10.14.14: Will Declining Oil Prices Affect CMBS Conduit Loans in North Dakota?

After declining gradually for three months, oil prices suddenly tumbled almost $4 on October 14. It was the largest single-day decline in more than a year, and it brought the price of Brent crude, an international benchmark, to $85 per barrel. At its peak in June, a barrel cost $115. Oil professionals estimate an $80 level where the economics of drilling and fracking in the United States provide only a modest return on investment and only break even in the $70 area.

Should the price of oil continue to slide, producers may begin to slow and possibly reverse employment gains in oil producing areas. A work force reduction in locations primarily dependent on oil employment could have a negative impact on CMBS loans in those areas.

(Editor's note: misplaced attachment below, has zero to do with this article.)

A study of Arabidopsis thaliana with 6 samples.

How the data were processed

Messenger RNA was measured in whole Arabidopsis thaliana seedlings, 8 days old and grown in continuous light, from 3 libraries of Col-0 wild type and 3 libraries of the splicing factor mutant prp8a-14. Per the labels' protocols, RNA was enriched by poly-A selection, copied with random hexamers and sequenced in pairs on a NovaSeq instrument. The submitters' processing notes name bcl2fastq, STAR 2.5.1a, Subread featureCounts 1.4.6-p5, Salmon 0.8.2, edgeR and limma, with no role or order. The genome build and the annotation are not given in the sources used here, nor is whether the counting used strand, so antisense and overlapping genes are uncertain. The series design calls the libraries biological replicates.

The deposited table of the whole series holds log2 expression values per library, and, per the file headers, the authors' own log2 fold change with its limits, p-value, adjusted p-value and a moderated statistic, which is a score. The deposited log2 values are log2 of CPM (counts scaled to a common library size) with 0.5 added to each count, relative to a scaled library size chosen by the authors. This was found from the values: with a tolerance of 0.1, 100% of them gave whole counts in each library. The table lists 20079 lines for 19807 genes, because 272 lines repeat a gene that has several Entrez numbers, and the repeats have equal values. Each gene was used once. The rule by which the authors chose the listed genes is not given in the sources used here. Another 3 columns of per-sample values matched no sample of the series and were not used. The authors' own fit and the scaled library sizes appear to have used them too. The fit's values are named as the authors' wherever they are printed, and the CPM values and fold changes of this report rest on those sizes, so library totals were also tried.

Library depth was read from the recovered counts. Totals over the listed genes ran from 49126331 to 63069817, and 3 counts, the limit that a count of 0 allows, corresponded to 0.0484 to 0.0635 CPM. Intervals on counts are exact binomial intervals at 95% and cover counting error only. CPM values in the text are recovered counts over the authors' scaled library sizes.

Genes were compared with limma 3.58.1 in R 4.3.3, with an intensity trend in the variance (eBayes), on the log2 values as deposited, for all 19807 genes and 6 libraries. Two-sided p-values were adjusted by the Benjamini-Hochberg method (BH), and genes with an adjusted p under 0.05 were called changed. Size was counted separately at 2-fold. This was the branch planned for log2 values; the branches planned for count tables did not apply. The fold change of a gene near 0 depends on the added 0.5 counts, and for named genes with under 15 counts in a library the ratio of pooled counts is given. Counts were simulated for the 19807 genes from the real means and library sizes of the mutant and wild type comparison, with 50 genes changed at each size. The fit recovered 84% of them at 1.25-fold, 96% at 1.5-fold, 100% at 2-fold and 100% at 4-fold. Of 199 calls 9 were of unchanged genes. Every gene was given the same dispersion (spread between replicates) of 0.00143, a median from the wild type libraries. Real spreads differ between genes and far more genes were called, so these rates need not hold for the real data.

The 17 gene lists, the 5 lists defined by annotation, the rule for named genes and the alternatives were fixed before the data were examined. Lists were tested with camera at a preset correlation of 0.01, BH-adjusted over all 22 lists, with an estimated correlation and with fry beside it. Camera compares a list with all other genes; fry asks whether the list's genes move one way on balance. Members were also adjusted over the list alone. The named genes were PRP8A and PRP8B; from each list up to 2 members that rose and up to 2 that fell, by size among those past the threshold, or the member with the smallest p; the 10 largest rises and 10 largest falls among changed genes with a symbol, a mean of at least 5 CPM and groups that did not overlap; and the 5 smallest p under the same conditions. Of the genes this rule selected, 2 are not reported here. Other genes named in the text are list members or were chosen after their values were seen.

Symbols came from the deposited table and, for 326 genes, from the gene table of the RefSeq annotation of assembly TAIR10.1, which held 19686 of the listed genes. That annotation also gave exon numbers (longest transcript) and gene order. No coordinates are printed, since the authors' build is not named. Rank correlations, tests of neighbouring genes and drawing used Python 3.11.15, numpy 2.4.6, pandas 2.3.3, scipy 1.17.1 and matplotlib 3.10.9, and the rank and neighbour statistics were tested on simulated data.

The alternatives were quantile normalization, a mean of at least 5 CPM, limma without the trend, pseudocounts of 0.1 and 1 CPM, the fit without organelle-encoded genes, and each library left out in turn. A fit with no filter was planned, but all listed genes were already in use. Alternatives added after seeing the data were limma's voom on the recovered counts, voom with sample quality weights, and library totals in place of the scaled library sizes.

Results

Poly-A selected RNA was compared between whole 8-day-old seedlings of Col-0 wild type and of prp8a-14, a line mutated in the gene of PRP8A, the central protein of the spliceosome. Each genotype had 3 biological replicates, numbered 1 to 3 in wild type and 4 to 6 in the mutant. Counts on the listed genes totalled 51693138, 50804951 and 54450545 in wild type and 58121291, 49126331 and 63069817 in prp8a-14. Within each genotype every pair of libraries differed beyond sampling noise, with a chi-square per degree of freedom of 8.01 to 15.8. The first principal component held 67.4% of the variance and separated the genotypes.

How much CMBS exposure is there in oil-related areas and how much is directly dependent on oil employment? Let’s take a close look at an example: Williston, North Dakota, located in the south central portion of the state. According to the 2000 census, the population of Williston approximated 12,500 versus an estimated 20,000-plus today. Williston sits atop the oil-rich Bakken formation and oil production has fueled the city’s growth.

In 2013 and 2014, 14 CMBS conduit loans with a principal balance of $144 million were originated in Williston, no small sum. Of the loans, 8 were secured by apartment complexes, 4 were secured by hotels and 2 were secured by manufactured housing communities. All of the assets classes depend heavily on a stable population. Based on this one small sample, it’s pretty easy to see that if oil-related employment was reduced in any significant way, these loans would likely to struggle to perform.


This entry was posted in CMBS Conduit Loans, Commercial Real Estate Loans, Michael D. Sneden, News & Recent Closings, The Banker's Mortgage Conduit, Valuexpress and tagged , , , , , , , , , , . Bookmark the permalink.